Zimbabwe former deputy prime minister, Arthur Mutambara, with MDC-T leader Morgan Tsvangirai at the inauguration of President Emmerson Mnangagwa in Harare. PHOTO: ANA

Tshwane - Former deputy prime minister of Zimbabwe, Arthur Mutambara, on Wednesday said the new government in his country was already squandering the "massive goodwill" from across the world, in the wake of 93-year-old Robert Mugabe's resignation.

"There is no momentum [regarding the envisaged political reform and attraction of much-needed investors]. At the moment the regime is at 0 of 10 on the key agenda issues," Mutambara told the African News Agency (ANA) in an exclusive interview. 

"They have squandered the goodwill that came with the departure of Mugabe."

Read: Zimbabwean vendors pushed from streets as army, police start raids

Mutambara said he was advancing a 10-point-agenda, which he believes will turn around the fortunes of Zimbabwe, a former economic powerhouse in the Southern Africa Development Community region.

"There are 10 key matters that we need to push the new regime in Zimbabwe to address: reforms electoral, media, political and legislative to enable and facilitate free, fair and credible elections," said Mutambara.

He said it was necessary "to have a clear and inclusive roadmap to those free, fair and credible elections in 2018; thirdly, the release of all political prisoners and those currently under trial; security sector reforms, in particular, de-linking the military from civilian mandates".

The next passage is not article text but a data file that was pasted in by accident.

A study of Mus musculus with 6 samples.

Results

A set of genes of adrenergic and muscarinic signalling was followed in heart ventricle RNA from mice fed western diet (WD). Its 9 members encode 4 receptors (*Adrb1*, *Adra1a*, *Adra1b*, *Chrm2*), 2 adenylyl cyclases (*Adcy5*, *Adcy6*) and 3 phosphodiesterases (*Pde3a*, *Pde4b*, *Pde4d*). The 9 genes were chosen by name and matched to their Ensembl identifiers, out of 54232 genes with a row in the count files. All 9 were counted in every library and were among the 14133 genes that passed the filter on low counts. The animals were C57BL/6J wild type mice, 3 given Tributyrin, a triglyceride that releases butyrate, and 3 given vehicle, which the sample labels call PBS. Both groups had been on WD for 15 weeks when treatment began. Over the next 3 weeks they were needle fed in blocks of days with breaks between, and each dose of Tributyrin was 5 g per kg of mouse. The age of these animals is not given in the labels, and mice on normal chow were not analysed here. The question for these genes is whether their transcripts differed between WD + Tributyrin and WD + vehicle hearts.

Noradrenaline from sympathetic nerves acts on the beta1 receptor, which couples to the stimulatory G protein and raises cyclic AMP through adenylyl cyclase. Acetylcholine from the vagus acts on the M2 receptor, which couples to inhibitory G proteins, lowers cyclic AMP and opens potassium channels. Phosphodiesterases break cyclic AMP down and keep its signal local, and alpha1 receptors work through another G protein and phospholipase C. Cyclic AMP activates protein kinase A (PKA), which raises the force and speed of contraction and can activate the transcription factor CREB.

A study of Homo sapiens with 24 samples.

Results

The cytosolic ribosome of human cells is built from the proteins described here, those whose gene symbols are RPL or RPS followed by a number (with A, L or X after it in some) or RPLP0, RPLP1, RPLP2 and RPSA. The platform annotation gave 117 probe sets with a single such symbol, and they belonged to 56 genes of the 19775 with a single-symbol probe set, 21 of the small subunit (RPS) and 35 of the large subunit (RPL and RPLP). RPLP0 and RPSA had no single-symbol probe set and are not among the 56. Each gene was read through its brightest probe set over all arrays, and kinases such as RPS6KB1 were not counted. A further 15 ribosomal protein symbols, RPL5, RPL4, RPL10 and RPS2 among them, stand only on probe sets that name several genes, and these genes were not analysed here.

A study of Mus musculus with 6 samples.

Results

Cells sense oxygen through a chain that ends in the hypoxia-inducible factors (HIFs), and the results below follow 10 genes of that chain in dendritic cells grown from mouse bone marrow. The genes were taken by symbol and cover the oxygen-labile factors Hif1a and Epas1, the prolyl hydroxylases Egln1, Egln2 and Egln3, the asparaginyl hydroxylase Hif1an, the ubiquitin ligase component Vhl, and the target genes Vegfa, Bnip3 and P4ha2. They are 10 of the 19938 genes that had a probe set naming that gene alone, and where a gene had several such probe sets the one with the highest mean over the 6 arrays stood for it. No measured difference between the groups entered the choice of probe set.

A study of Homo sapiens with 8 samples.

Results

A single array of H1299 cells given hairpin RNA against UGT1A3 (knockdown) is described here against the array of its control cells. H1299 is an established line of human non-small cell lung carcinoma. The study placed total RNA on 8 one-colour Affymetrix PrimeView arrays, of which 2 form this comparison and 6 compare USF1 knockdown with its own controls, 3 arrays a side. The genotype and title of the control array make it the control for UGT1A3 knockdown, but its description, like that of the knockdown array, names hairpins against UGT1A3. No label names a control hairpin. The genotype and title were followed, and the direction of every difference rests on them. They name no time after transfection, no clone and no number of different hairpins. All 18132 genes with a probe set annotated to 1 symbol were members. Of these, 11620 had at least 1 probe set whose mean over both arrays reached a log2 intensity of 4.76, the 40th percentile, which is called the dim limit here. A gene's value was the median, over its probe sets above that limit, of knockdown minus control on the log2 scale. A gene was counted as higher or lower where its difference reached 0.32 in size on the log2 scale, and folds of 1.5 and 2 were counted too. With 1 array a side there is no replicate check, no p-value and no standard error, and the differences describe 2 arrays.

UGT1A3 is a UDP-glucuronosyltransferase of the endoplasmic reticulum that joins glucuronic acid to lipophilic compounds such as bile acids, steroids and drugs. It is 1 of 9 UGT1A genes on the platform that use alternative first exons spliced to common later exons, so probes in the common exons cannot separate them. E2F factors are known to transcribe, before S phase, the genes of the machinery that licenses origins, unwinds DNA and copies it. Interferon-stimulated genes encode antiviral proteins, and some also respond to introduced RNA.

Read more: #MnangagwaInauguration: 'Never again,' promises Zimbabwe's new president

The other points advanced by Mutambara include the redress for all victims of political violence, Murambatsvina (which saw thousands of residents displaced in cities) and Gukurahundi (in which as many as 20,000 Ndebele people were slaughtered by Mugabe's Fifth Brigade army in the south of Zimbabwe).

The former Zimbabwe deputy prime minister suggested the implementation of "devolution and decentralisation" of power as prescribed in the national constitution, constitutionalism and general adherence to, and respect for, the rule of law.

He said, in addition, it was necessary to have a sincere, holistic and systemic approach to the eradication of corruption as well as economic recovery and stabilization, in particular, fiscal consolidation and the elimination of the growing budget deficit were necessary if there was to be any meaningful way forward.

Mutambara also called for shared and inclusive economic growth, development and prosperity.

Mutambara was a guest when former deputy president, Emmerson Mnangagwa, was inaugurated as Zimbabwe's new president last month, following Mugabe's forced resignation.